Trim at the right time. Pick up your shears at the end of lilac blooming season. Or get a head start by clipping branches of newly opened flowers to place in a vase on your table. Waiting too late in the season for trimming will not harm the tree but you will sacrifice some of next year's blooms.
Cut using the proper tools. Use pruning shears, never hedge trimmers. You want a more directed, delicate cutting effect than hedge trimmers permit.
Prune the correct way. Begin by clipping old, dead flowers at the base of the tree. Then trim away shoots near ground level. To enable sun and air circulation to reach the inner branches, trim larger stems at the center of the bush. Step back from the bush to notice if any branches protrude in an unattractive way and cut these. Most lilac lovers prefer a rounded top to the bush. According to your preference for either a taller or wider bush, encourage either spreading or lifting shoots. If your lilac tree begins to look overly bushy, trim the entire tree to within 6 to 8 inches of the ground.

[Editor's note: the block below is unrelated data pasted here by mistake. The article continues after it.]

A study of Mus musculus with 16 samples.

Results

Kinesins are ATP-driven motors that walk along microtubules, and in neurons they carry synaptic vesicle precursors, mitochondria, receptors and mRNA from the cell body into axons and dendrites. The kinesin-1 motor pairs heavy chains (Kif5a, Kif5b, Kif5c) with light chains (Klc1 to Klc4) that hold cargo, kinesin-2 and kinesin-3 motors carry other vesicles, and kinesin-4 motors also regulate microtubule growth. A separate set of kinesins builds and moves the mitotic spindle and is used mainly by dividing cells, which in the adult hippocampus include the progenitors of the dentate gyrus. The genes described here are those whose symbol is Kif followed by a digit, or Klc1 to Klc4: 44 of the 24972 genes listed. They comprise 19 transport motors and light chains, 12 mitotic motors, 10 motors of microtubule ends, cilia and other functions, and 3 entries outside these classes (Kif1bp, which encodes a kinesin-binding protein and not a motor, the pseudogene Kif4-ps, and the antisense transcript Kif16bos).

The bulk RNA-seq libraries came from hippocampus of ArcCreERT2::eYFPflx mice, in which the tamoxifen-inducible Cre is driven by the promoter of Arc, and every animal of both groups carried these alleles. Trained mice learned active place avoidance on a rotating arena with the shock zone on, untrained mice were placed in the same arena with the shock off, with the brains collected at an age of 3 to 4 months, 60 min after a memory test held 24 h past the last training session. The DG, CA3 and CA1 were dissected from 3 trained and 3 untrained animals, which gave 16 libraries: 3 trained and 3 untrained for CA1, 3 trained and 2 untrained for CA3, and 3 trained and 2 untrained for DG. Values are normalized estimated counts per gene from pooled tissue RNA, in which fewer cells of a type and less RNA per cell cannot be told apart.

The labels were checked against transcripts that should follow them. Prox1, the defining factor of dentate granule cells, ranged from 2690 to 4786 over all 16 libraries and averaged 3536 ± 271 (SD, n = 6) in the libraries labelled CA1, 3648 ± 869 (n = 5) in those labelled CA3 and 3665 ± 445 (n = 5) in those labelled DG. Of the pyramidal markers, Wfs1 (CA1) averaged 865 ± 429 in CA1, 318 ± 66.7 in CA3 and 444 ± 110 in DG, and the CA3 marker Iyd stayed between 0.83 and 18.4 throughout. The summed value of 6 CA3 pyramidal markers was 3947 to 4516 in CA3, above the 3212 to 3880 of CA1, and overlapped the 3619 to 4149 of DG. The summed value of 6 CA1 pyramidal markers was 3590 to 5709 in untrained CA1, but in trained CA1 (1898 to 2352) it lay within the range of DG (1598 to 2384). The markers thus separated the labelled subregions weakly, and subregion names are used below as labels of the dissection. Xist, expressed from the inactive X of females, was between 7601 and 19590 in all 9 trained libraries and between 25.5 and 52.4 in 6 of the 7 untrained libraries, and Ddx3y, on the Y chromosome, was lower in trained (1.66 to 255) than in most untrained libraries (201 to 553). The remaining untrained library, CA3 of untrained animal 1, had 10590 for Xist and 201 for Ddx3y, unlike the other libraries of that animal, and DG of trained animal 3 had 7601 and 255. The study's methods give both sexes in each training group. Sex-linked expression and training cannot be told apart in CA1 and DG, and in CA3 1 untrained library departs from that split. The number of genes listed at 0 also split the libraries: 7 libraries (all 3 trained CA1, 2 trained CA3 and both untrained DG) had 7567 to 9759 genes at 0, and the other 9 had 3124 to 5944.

If you have an older, neglected lilac tree, you can usually renew the tree with attentive care and pruning. Cut the entire plant to within 6 to 8 inches of the ground in late winter, before blooming season. This will result in a large number of shoots during spring and summer. The following winter, choose the strongest of these shoots and let them form the framework of the tree, cutting the rest away. Use the shears to discourage the selected shoots from branching. Another option is the 3-year lilac restoration plan: each year after lilac season, trim away one-third of the overall tree.